In the fairy tale realm of Arilland, stories are told at children's bedsides—and not the stories you think you know. Tales of Arilland is a collection of fairy tales, presented in the magical topsy-turvy way that only Alethea Kontis can do. Discover the story of Bluebeard's first wife ("Blood From Stone"), what really happened to Snow White in those dark woods ("The Unicorn Hunter"), how dangerous the Little Mermaid might have been ("Blood and Water"), and just how far Little Red Riding Hood was willing to go ("Hero Worship"). Included in this collection is "Sunday," the original novelette that inspired the award-winning novel Enchanted, as well as "The Cursed Prince," the previously untold history of Prince Rumbold of Arilland...and more. Woodcutter enthusiasts will rejoice at this opportunity to delve into the secret worlds beyond Kontis's intricately woven fantasy novels. If you are not a fan yet, you will be!
Step into the enchanting, beautiful, and sometimes dangerous world of fairy tales in Alethea Kontis' Tales of Arilland. Alethea received a volume of unexpurgated fairy tales for her eight birthday, and the impact of reading those stories of magic, monsters, darkness, blood, and hope is clear in the nine tales in this wonderful collection. – Jamie Ferguson
"A veritable badass fairy princess."– Jim Butcher
"Alethea Kontis IS fairy tales."– Jim C. Hines, author of Libriomancer
"Alethea Kontis: Awesome, racks up award nominations, wears tiaras."– Ferrett Steinmetz, author of Flex
"I want to live in [Alethea's] head because I think that might be the most interesting place in the world!!!!"– Ellen Oh, author of Prophecy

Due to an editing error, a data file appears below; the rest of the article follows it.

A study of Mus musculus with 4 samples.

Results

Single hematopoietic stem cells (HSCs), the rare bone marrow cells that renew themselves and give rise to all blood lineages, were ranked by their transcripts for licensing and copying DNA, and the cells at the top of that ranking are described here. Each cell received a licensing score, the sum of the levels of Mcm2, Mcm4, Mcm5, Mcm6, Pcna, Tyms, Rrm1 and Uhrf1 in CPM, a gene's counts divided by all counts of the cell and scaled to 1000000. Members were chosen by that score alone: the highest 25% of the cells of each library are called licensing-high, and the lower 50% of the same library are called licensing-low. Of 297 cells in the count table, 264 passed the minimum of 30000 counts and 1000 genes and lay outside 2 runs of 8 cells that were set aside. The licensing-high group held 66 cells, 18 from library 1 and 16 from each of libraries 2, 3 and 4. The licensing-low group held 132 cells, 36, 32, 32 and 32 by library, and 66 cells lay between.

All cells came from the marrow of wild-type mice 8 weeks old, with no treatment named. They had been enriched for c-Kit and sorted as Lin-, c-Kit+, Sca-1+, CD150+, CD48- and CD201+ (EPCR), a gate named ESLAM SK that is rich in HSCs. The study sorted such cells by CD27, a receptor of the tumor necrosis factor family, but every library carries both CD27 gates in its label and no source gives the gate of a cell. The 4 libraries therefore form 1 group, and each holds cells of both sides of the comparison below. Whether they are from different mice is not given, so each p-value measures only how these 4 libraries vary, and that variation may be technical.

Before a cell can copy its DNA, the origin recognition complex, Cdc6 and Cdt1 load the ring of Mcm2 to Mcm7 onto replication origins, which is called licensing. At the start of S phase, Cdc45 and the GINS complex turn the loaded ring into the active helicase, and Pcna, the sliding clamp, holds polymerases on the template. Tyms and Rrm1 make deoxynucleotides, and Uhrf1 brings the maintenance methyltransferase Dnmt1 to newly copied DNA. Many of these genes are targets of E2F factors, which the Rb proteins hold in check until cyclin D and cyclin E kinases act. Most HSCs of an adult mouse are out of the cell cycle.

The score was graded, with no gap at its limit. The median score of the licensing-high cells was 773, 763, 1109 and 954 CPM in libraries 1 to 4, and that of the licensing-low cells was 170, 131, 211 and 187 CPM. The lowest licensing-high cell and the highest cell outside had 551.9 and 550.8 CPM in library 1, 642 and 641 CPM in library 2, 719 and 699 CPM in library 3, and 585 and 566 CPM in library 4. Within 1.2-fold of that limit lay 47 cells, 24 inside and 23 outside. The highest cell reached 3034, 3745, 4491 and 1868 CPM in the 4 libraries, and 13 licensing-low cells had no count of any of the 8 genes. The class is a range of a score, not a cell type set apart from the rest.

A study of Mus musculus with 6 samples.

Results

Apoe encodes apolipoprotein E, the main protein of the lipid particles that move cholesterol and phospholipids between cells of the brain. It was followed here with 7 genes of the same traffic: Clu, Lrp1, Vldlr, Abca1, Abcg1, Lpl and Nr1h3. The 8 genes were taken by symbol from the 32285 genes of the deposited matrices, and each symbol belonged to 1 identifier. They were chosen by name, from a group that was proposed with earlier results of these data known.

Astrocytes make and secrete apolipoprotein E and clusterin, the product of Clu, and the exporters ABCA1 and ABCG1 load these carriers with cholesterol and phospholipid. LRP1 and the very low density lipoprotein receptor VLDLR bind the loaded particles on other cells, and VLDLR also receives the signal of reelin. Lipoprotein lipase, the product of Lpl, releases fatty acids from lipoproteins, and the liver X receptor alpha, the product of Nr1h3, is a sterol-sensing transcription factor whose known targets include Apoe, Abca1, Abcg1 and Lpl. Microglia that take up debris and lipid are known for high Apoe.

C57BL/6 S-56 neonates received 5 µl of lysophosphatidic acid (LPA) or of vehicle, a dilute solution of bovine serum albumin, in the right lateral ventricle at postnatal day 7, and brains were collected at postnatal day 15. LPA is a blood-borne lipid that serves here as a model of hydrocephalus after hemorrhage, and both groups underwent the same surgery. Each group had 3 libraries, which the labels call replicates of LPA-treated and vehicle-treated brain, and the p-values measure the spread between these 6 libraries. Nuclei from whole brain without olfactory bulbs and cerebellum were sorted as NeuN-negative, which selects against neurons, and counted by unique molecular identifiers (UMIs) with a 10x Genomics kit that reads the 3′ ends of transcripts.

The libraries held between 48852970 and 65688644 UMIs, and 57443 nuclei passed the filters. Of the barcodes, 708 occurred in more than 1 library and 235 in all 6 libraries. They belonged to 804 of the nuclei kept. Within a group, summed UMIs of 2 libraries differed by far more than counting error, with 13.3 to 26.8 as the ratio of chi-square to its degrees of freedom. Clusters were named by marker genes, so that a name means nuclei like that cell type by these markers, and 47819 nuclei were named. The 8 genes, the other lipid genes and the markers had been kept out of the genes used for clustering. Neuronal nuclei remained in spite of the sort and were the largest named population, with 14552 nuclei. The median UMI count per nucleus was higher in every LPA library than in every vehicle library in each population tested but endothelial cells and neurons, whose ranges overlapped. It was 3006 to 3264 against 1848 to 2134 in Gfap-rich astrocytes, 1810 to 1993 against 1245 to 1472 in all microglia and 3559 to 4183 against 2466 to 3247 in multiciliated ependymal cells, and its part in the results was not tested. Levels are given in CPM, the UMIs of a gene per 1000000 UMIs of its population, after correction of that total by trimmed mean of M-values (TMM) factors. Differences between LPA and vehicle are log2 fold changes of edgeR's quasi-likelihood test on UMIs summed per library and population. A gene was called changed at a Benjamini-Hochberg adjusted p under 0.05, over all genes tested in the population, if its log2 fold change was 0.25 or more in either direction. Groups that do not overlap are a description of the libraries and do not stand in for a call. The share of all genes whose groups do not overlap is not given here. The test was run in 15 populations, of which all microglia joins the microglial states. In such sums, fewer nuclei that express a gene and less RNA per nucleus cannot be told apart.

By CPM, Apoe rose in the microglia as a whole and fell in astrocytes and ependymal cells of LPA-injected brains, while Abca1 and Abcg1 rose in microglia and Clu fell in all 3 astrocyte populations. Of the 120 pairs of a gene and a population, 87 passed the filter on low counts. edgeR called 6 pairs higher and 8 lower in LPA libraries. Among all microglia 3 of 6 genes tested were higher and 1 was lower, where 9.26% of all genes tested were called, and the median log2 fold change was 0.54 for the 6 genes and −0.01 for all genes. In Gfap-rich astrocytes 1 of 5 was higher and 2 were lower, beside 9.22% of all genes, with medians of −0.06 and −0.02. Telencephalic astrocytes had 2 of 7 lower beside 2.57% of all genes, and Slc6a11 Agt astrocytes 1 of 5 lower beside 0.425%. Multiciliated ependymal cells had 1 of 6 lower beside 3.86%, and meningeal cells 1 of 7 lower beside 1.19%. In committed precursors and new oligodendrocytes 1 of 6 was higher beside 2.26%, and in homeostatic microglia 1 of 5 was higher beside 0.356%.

"Alethea Kontis, the woman who writes like Shakespeare would if he were alive today."– Aaron Pound
"The beauty of a princess, the confidence of a queen, the brilliance of a writer, and the demeanor of a cheerful fairy comedian!"– Cheyenne Z
In the seventh month of Harvest's pregnancy, Bane's dream-self fought brutally with a wolf from another pack. He awoke on all fours, looming over Harvest and staring at the crescent-shaped marks on her pale white throat. She had slapped him out of his vision; his cheeks stung from the deep scratches her prenatal nails had raked across him. In the midnight silence, a drop of blood fell from his face to her breast.
"Sweetheart," Harvest said calmly, "this has to stop. You have to go to the wolves and ask them for help."
On any other day those words might not have made a lick of sense to him, but right there, bathed in bright moonlight, with the salty taste of his wife's sweat and fear fresh upon his tongue, Bane knew what he had to do. When dawn broke, he packed up his fiddle and a blanket and set out for the hill at the edge of the Wild Wood. Harvest stayed behind at the garden gate, but not before handing him a small bag of food. She had noticed the look in his eye, the look of every man who has left home with no idea of when he might return, or if he should.